WASHINGTON – President Barack Obama emphatically put his personal prestige behind the pending New START arms-control treaty with Russia, calling it a “national security imperative” that the Senate pass it by year’s end, as he huddled Thursday at the White House with a bipartisan cast of foreign-policy luminaries from previous administrations.
Obama, who will arrive today at a NATO summit in Portugal without the assurances he’d hoped to give Russia on the treaty, said it’s essential to restore U.S. inspections to track Russia’s nuclear weapons. He also said it’s “a cornerstone of our relations with Russia” and vital to their cooperation in pressuring Iran, among other things.
Obama insisted that if Republicans in the lame-duck Senate continue to block passage, they’ll endanger the nation. “The stakes for American national security are clear, and they are high,” the president said.
Even as Obama spoke, however, an effort to forge bipartisan agreement behind the treaty was foundering on Capitol Hill.
A meeting between Senate Foreign Relations Committee Chairman John Kerry, D-Mass., and key Republicans – including Sen. Jon Kyl of Arizona, the primary GOP obstacle to treaty approval – got off to a bad start when Kerry arrived late, according to a congressional aide familiar with the discussions.
The meeting focused on process rather than substance, with Republicans asking Democrats what the rush is, and Democrats reiterating that the treaty has had a bipartisan vetting for months and that waiting until the next Congress gets to work could trigger more months of delays.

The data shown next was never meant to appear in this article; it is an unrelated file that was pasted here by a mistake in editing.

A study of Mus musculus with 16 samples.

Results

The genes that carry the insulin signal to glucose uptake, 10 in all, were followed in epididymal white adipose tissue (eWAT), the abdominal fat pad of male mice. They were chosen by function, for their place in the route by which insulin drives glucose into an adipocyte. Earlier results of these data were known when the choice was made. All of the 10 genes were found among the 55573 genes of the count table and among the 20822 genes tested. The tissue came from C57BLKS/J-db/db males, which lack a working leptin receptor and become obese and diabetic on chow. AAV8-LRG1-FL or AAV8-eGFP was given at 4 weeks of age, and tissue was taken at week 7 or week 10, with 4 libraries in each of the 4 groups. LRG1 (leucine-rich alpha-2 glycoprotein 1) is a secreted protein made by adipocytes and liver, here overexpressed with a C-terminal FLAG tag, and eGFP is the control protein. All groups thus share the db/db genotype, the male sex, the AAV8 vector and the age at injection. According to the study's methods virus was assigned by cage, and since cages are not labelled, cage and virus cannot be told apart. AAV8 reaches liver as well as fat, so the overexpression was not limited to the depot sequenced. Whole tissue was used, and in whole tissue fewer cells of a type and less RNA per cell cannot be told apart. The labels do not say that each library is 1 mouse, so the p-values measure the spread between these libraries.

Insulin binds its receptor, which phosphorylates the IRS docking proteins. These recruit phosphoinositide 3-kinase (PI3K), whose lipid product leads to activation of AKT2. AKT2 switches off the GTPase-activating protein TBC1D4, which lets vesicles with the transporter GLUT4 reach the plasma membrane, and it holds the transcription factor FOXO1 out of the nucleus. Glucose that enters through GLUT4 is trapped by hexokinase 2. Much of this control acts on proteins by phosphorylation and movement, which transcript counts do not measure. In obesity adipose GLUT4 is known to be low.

The meeting ended with no resolution, but Kyl later said he intends to continue consulting with Kerry.
Sen. Richard Lugar, R-Ind., the top Republican on the Senate Foreign Relations Committee, is urging fellow Republicans to support the treaty, and said Wednesday that he thinks the 67 senators needed to approve the treaty will vote for it in the current session because they know it’s necessary.
Kyl and other Republicans have said there may not be sufficient momentum to pass the treaty with lawmakers focused on the U.S. economy and as Republicans press for assurances on defense spending and projects.
Obama said Thursday that his administration is “prepared to go the extra mile” on such assurances, including supporting an additional $4.1 billion in nuclear-weapons modernization that Kyl wants.
“There is no higher national-security priority for the lame-duck session of Congress,” Obama said of the treaty. It “is not about politics, it’s about national security. This is not a matter that can be delayed.”